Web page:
This story was originally published in The Star-Herald.
By Joseph Brown
Providing a safe and stable place for today’s youth has been the sole mission of the Oprah Winfrey Boys and Girls Club of Kosciusko/Attala County.
The club chief executive officer Donald Evans has worked to instill that message since arriving at the 15-year-old club in 2013.
“One of the main messages that I have been big on since I got here was that this boys and girls club is a community boys and girls club,” Evans said. “The club was opened due to a need after seeing many young people roaming the streets with nothing to do. When young people are roaming the streets, they always seem to get into trouble.”
The OWBGC focuses on helping young people ages 5-18, trying to change their behavior from negative to positive.
“When I came here I don’t think the community realized the impact that the boys and girls club can have on the community,” Evans added.
Since 2001, the organization has had a 100 percent graduation rate, no teenage pregnancies and no gang affiliations among its members that have stayed with the club.
“Most of the kids that stayed with the boys and girls club, stay because of the mentors,” Evans said. “Our mentors show the children an exemplary life and what they can accomplish if they stay on the right track.”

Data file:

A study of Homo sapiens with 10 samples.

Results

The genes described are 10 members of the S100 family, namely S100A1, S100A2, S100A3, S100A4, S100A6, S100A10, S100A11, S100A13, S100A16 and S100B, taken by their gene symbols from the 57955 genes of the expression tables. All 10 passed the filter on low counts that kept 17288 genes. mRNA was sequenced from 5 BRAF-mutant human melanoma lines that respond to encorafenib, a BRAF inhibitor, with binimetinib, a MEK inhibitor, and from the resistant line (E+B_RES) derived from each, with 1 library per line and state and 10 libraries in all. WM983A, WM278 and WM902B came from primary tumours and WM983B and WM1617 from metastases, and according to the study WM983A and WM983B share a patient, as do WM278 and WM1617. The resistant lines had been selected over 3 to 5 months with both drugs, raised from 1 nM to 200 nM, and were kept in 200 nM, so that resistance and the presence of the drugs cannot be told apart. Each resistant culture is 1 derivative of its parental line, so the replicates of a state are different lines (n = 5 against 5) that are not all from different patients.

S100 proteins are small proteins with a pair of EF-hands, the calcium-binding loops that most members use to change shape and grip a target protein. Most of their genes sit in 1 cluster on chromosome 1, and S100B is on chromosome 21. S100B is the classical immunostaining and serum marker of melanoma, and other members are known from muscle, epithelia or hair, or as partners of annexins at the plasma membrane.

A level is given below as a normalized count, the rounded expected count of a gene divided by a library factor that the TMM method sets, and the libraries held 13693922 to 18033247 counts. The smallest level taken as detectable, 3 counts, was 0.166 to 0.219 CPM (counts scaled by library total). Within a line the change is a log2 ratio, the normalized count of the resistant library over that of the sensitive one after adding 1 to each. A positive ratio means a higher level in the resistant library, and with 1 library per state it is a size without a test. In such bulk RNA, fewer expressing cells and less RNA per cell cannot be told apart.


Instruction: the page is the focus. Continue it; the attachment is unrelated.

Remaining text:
Over the past eight years the organization has been honored to place five individuals in the top five of the Boys and Girls Club of America’s premier recognition program “Youth of the Year.” Two individuals from the OWBGC went on to represent Mississippi in the regional competition.
“This is an amazing accomplishment for us, considering we are really still in our infancy,” Evans stated.
The Attala County boys and girls club chapter has five clubs, serving approximately 150 kids during the school year and aims to serve over 200 children over the summer months in the Kosciusko/Attala club. Other club locations include Sallis, Ethel, Carthage and Walnut Grove.
“The Oprah Winfrey Boys and Girls Club operates on a $600K budget and it can become challenging,” Evans said. “We can always use more support from our community with volunteers and extra finances. At 32K square feet there are not many boys and girls clubs this big, so running it can be challenging.”
“It is a labor of love, but when you see the children enjoy the activities it makes it all worth it,” Evans added. “We just have to be sure that the children have what they need in order to keep the club running and successful.”